Bartlesville High School is one of a handful of schools nationwide to pilot a course that'll teach kids how to stay safe online.
The curriculum for this class was created by a STEM-education group called Project Lead The Way.
They chose Bartlesville High School as one of nearly 100 schools in the nation to offer the cyber security course, with plans to expand the program in the future.
ONLY ON 6: Bartlesville HS chosen as one of nearly 100 schools to pilot a new cybersecurity course. Superintendent says students will how the mind of a hacker works so they can stay safe online. @NewsOn6 pic.twitter.com/R8gwfSV5or— Joseph Holloway (@a_cupof_JOE) July 26, 2018
Cyber attacks are a major topic right now, from credit card data breaches to discussions about possible election-related hacking and that's why education leaders nationwide say students need to learn about cyber security.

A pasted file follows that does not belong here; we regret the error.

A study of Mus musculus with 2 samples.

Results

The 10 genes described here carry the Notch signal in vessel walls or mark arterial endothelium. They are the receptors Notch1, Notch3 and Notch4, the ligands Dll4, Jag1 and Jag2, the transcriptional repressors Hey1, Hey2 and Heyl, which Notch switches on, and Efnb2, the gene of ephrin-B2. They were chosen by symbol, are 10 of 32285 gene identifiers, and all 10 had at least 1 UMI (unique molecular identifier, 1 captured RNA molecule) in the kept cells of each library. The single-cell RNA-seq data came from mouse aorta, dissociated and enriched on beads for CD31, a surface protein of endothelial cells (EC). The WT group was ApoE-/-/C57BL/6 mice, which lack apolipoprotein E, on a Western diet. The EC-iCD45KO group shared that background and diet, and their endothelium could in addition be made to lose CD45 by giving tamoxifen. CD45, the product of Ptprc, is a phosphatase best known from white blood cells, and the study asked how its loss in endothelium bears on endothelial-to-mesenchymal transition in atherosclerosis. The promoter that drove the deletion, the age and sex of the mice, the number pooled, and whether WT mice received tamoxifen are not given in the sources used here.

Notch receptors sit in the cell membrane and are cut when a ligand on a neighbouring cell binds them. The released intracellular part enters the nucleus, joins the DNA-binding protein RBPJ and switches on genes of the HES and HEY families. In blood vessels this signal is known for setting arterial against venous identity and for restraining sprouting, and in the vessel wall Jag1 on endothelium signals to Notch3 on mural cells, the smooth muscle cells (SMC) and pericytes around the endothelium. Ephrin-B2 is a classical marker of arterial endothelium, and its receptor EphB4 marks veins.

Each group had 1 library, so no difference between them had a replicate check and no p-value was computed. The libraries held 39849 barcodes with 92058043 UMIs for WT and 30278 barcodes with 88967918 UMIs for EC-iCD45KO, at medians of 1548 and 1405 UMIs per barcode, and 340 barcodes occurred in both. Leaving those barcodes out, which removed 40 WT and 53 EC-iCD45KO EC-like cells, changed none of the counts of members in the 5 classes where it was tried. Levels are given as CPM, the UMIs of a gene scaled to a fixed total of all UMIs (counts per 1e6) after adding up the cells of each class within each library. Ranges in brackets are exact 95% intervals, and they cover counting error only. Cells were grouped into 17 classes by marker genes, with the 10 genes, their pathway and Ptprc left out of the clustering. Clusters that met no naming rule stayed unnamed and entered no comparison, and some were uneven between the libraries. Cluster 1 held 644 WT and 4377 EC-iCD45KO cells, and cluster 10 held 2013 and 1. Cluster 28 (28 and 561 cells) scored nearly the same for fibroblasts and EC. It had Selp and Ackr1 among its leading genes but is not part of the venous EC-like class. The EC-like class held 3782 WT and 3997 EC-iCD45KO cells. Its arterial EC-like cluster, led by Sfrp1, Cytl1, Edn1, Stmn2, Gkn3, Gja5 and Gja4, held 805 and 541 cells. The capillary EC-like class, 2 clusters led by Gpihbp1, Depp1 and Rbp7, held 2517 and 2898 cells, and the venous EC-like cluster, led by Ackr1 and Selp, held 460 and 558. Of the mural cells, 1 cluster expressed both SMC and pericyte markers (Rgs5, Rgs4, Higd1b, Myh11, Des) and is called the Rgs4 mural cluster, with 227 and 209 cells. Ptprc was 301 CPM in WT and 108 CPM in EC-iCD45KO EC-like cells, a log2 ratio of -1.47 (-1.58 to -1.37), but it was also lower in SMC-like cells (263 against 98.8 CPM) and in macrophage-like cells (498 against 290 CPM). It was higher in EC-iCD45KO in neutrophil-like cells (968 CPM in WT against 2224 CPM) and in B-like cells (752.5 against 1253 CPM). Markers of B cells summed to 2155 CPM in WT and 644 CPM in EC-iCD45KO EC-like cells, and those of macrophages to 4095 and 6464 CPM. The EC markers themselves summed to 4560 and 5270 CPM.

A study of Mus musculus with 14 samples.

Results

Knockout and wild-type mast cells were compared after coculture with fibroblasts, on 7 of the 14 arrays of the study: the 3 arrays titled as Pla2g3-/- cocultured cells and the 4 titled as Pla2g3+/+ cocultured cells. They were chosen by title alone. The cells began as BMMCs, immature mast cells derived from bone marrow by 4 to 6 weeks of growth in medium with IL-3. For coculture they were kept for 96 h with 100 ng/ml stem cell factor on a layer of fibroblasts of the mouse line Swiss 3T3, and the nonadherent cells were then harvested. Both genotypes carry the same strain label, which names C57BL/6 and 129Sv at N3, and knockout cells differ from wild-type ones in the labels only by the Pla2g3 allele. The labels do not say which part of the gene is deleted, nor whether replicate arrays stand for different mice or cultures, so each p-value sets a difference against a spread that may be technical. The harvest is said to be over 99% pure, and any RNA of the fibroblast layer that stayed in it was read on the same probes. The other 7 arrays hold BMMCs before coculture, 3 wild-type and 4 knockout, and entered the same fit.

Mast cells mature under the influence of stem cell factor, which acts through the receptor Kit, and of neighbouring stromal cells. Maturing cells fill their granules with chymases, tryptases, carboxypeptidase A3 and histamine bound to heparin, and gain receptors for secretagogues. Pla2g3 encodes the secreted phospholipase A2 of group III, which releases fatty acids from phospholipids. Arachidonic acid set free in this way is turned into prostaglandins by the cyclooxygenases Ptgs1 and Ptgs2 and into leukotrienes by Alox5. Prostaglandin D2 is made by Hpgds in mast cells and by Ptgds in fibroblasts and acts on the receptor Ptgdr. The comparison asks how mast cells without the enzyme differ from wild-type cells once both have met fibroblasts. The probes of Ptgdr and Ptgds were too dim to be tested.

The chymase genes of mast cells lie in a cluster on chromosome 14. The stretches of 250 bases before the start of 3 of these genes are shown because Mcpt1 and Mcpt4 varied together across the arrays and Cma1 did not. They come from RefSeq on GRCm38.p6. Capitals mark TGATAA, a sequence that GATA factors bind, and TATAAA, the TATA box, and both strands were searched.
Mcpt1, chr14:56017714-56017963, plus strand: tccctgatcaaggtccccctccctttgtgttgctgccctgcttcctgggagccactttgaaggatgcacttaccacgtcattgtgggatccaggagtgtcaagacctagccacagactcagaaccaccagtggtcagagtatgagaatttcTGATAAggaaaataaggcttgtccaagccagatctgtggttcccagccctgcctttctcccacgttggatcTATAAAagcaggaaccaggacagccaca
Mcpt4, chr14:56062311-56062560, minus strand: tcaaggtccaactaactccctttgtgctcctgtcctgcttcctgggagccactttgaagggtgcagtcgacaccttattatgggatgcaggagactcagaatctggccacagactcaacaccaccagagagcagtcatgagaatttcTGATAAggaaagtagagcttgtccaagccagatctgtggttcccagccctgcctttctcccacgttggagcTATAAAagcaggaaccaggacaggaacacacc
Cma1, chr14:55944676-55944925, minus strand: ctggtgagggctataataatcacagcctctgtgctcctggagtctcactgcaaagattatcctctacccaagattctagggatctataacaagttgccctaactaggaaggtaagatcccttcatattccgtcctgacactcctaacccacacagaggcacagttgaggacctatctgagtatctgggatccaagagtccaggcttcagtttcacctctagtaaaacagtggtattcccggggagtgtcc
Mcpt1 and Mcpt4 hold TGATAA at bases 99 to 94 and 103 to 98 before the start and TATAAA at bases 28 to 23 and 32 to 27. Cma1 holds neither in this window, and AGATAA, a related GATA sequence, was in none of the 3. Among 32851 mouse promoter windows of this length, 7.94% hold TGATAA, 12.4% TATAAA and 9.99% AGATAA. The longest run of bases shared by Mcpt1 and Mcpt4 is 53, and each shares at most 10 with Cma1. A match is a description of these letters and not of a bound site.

Bartlesville Public Schools Superintendent Chuck McCauley says students will learn how the mind of a hacker works in hopes of finding ways to fend off online attacks.
"You have to learn about how hackers are able to, through programming flaws, how they're able to hack into different systems and so, that's part of the process to learn how that works," said Superintendent Chuck McCauley.
The cyber security class will be offered to high school juniors and seniors, but McCauley says even the youngest students are learning components of online safety.
"You'll look at kids now in a restaurant at the table; they're three or four years old paying with parents' smartphones. I mean, it's amazing what they can do now, so we're making sure that they're learning in a safe environment," he said.
The district said the course will also help STEM students compete in the job market.